Why “The Help” Hurts the History of Black Domestics

Source for this material came from: http://jacalynsburke.com/2012/01/why-help-hurts-history-of-black/

Sister Citizen: Slave, Shame, Stereotype and Black Women in America by Melissa Harris-Perry

First, try to evoke an image of a nanny. Next, think of a black 

nanny. Now, search your mind for a picture of an 
African-American domestic worker.
Most people, at some point, envision a stereotypical 
“Mammy”: a large, dark-complected woman who is 
always smiling because she is so gratified to be satisfying
 the needs of the white family she serves.

Melissa Harris-Perry examines the Mammy stereotype, as well 

as Sapphire, the Hottentot, the Welfare Queen, the Superwoman, and other media-promoted 
images of black women. In her book, the author investigates the debilitating political, cultural, 
and social pressures put upon African American women.

Your interest in this book by Professor Harris-Perry will be piqued by her views on “The Help,” 

which can be seen online on C-Span.

She explains real black women who worked as domestics when Medgar Evers died didn’t 

have aMiss Skeeter. She encourages us to read the facts and explore the history. In reality, 
black domestics walked out of their jobs and protested in the streets themselves without help 
from any white people.

She finds it condescending to suggest that Minny Jackson would find the courage to leave 

her abusive husband only after her white boss, Celia Foote, cooked her a meal. Would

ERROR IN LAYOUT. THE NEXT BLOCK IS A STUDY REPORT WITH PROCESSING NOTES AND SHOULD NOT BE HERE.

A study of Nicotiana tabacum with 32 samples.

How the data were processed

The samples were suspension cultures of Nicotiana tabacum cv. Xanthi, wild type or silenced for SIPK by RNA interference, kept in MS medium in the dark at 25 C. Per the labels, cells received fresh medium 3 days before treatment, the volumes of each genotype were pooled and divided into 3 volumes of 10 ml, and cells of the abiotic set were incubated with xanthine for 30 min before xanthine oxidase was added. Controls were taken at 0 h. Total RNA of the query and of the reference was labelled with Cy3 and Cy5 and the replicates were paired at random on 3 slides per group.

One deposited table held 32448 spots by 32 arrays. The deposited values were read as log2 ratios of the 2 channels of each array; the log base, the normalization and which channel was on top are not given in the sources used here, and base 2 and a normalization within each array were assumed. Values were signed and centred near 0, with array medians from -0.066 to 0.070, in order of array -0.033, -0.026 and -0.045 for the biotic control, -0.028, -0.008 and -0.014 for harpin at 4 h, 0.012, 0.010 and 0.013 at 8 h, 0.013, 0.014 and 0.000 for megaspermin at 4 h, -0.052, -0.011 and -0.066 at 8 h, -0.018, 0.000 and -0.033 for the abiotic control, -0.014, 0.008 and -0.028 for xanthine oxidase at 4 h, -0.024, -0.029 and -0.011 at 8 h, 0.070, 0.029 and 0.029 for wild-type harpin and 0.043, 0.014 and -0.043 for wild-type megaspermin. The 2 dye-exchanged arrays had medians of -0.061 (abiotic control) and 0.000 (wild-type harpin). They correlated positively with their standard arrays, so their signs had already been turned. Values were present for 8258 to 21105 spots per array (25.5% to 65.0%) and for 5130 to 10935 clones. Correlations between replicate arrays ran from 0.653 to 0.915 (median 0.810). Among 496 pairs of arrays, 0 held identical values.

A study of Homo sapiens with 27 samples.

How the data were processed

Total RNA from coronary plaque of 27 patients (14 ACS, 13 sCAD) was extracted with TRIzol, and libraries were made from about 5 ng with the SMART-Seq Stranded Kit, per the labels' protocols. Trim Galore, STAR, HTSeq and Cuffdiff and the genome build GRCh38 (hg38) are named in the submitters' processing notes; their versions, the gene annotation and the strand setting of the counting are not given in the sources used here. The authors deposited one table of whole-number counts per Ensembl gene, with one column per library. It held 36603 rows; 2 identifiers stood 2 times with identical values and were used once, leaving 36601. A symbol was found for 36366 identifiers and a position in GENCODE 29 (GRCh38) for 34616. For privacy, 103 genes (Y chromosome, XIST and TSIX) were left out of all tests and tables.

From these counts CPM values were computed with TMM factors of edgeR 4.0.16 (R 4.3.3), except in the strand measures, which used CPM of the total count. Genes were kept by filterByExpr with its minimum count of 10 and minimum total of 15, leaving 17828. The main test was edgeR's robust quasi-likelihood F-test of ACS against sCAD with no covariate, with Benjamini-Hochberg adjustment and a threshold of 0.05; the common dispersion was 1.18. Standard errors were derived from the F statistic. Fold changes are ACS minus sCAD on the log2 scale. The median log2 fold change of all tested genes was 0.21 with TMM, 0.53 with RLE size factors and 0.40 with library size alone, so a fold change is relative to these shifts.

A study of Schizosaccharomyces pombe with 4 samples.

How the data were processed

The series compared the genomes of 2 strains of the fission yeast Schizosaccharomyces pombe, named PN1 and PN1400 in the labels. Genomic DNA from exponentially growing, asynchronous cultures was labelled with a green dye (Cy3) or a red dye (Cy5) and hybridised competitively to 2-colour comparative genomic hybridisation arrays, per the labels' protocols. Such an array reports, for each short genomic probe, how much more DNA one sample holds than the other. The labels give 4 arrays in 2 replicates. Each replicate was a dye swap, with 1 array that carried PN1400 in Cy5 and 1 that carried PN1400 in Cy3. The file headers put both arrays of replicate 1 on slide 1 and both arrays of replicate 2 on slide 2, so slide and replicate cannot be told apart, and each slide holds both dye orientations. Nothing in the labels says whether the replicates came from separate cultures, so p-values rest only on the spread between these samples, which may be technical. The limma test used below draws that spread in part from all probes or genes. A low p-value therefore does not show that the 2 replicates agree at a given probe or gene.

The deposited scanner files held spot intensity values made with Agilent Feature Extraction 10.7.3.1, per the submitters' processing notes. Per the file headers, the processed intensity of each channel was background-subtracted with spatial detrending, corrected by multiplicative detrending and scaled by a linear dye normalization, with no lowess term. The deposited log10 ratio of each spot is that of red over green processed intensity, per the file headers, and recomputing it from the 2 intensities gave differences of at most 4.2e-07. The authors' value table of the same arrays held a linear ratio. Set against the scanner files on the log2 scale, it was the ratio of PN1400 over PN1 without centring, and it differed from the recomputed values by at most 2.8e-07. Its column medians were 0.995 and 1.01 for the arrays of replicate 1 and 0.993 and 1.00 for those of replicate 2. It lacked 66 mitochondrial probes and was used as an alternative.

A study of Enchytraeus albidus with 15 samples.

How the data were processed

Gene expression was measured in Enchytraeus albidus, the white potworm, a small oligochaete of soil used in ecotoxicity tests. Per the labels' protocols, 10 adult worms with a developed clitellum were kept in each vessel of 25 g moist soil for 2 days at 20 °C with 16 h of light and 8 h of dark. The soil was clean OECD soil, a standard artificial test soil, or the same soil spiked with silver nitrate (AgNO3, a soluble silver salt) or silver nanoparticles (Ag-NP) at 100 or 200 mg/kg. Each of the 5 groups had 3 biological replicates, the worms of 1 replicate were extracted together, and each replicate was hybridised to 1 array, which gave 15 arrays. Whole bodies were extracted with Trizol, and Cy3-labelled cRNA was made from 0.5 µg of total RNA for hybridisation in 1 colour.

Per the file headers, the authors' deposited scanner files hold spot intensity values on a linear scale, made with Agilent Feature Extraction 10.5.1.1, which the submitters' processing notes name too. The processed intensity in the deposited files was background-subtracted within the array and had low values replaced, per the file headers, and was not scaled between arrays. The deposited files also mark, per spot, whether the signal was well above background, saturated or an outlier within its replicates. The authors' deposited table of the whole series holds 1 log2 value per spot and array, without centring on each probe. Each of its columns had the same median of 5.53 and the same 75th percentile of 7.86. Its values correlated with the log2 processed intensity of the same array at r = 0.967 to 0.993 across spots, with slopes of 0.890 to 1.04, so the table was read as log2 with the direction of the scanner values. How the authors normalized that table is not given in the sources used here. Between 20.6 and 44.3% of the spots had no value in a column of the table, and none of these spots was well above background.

simply having a white woman’s gratitude lead her to leave her husband?

When Viola Davis’s character, Aibileen Clark walks out of her job in the oppressive South 

at the end of the movie, audiences cheer as if the character is a strong woman. But, Professor Harris-Perry questions why we applaud. In reality, Aibileen was walking into the oppressive 
South and would not have been hired again after being fired at that time and place. In reality, 
she actually may have been arrested because the white character Hilly Holbrook accuses 
her of stealing her silver.

Harris-Perry states her perspective about the book and the movie just past the halfway point 

on the show, but we found the entire hour provocative and insightful. Please click here to see 
the entire program.

The author’s strict adherence to analysis of empirical evidence and data is as welcome as it is uncommon. The concepts of fictive kinship, linked fate, and the crooked room are intriguing 

enough to justify purchase of the book.

Harris-Perry helps you understand race does matter. Gender does matter. She helps you 

see the importance of the structural barriers to individual achievement and the inherent 
inequality of using stereotypes to judge an individual. All women, especially black women, can benefit from reading this book.